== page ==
The real reason you’re always sick
Have you ever wondered why some people can power through winter without missing a beat, while others seem to be sick all the time? Or why there are days when you feel completely rundown for no particular reason?
There are many factors that impact our immune system. We spoke with nutritionist and personal trainer, Pip Reed, and sports dietitian, Robbie Clark, from The Health Clinic, to find out why we get sick and how we can boost our immunity with the onset of winter.
Stress and adrenal fatigue
It’s arguable that stress has become a norm in the lives of many people. A recent 2015 survey found that 35% of Australians report having significant levels of stress in their lives, while 26% report above normal levels of anxiety. The real problem, however, arises when these symptoms are ongoing.
“Being stressed can cause a host of issues in our bodies, including sleep problems, fatigue, cravings, weight issues, anxiety, hormone imbalances, poor gut health and even depression,” says Reed and Clark. “If these issues become prolonged, you run the risk of developing adrenal fatigue.”
Adrenal fatigue occurs when the adrenals (stress glands) become overworked as a result of chronic, prolonged stress. According to Reed and Clark, signs of adrenal fatigue include “physical and emotional fatigue, depression, lack of motivation, abdominal fat accumulation, seasonal allergies, salt cravings, insomnia, body aches and back pain, reoccurring colds and flus, abnormal blood sugar levels and hormonal imbalances.”
Low nutrient profile
If we become overwhelmed with stress our nutrient profile starts to suffer. Our body becomes deficient in essential vitamins and minerals, in particular, Vitamin D, Bs and Zinc, which reduces our ability to fend off sickness.
“Vitamin D is important for many essential bodily functions including calcium and phosphorous absorption and facilitating normal immune system function,” says Reed and Clark. “Vitamin D is activated in the skin by sunlight, and you can obtain limited amounts through food sources such as salmon, sardines, mushrooms, egg yolk and fortified milk.”
B vitamins, on the other hand, can reduce the effects of stress on the body and assist with boosting immunity. “B vitamins, including thiamin, riboflavin, and folate help to promote a healthy metabolism and keep your skin, gut lining and blood cells healthy,” says Reed and Clark. “They’re found in green vegetables, whole fortified grains, dairy, legumes, nuts, seeds and meats.”
Zinc is essential for the functioning of healthy immunity and digestive systems. According to Reed and Clark, zinc helps to reduce stress levels and promote energy metabolism, plus it plays a vital role in protein synthesis and helps to regulate cell production in the immune system.
Poor gut health
According to recent studies, a low nutrient profile can lead to poor gut health, which can make us more susceptible to falling sick. “The gut is comprised of 75% of the body’s immune system,” says Reed and Clark. “There are over 400 species of microbes living in your gut, so it makes sense that if you don’t keep them healthy you are likely to get sick.”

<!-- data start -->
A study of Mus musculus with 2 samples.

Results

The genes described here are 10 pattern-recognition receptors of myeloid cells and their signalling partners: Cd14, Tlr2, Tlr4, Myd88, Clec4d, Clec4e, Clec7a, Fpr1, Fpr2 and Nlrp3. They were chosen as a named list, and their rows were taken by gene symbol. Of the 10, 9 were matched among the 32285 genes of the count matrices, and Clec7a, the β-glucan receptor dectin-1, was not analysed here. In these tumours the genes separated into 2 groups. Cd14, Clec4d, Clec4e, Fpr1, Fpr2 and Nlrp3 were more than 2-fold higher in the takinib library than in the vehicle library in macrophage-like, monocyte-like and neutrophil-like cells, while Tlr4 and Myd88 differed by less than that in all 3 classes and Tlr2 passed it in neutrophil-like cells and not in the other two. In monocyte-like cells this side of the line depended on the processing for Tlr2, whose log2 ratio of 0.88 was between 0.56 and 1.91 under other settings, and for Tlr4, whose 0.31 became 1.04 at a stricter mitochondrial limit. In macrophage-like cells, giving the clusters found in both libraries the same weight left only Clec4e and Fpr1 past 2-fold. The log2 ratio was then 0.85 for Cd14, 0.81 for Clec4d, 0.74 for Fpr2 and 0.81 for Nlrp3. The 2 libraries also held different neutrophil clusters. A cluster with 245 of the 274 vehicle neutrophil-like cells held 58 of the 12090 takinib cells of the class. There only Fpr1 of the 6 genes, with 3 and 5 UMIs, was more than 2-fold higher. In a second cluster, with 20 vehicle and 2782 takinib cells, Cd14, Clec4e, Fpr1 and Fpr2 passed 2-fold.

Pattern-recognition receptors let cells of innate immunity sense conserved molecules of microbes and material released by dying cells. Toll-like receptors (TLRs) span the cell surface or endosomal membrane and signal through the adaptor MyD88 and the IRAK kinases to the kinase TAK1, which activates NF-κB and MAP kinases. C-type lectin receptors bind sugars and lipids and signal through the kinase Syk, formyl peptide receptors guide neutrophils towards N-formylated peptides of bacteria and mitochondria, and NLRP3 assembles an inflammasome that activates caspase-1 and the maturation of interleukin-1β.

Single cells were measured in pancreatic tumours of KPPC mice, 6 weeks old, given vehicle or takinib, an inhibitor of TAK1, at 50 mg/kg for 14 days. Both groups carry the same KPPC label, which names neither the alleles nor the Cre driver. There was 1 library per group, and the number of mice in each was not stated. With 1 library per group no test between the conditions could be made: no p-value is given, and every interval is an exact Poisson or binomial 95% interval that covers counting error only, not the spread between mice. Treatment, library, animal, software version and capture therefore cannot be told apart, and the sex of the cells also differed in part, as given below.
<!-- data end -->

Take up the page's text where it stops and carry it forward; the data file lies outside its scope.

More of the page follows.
Nobel Prize winner and microbiologist Elie Metchnikoff once said that, “Death begins in the colon” based on his early 1990s research, which found that diseases and ageing are most likely due to toxic bacteria in the gut.
So what are some of the tell tale signs? “Poor gut health may result in gas, bloating, burping, and inadequate digestion. It can also result in passing undigested food, diarrhoea, bad breath and nausea, not to mention low immune function.”
How can we build immunity to avoid getting run down and sick?
Photo: Instagram @foodfixup
While no single food will boost your immune system, Reed and Clark suggest it’s important to look at what specific vitamins, minerals, antioxidants and phytochemicals are essential for optimal immune function, and consume a variety of those foods on a regular basis.
- Vitamin C – leafy green vegetables, citrus fruits, capsicum, chilli, berries, parsley
- Vitamin E – nuts and seeds, spinach, broccoli, dark leafy greens, avocado, trout, prawns, olive oil
- Vitamin B6 – banana, chicken, tuna, salmon, chickpeas
- Vitamin A – carrots, sweet potato, pumpkin, dark leafy greens, dried apricots, rock melon
- Vitamin D – fatty fish (salmon, mackerel, sardines, tuna), mushrooms, fortified milks
- Selenium – nuts and seeds (especially Brazil nuts), sardines, tuna, wholemeal bread, pork, chicken, rye
- Zinc – oysters, beef, lamb, spinach, nuts and seeds, raw cocoa, pork, chicken, chickpeas, mushrooms
Similar to a healthy, balanced diet, exercise can contribute to general good health and therefore to a healthy immune system. It may contribute even more directly by promoting good circulation, therefore improving cellular activity, which allows the cells of the immune system to move through the body freely and do their job more efficiently.
“Exercising in moderation can help give the immune system a boost and it is thought that approximately twenty minutes of exercise a day is sufficient to take advantage of the benefits,” says Reed and Clark. “When a person exercises, the white blood cells, which combat bacteria and viruses, travel throughout the body faster and more efficiently. Exercise also helps lower the cortisol hormones that are released as a result of stress.”
When you’re stressed it’s common for sleep to become disrupted, with our overactive minds often causing us to wake throughout the night. Therefore, it’s important that you try to keep a normal bed routine to remind your body when to switch off and turn back on again.
“If you are really struggling to sleep for a prolonged period of time, it may mean that your melatonin levels and circadian rhythm is out of balance and you should seek the advice of a healthcare practitioner to help you get back on track.”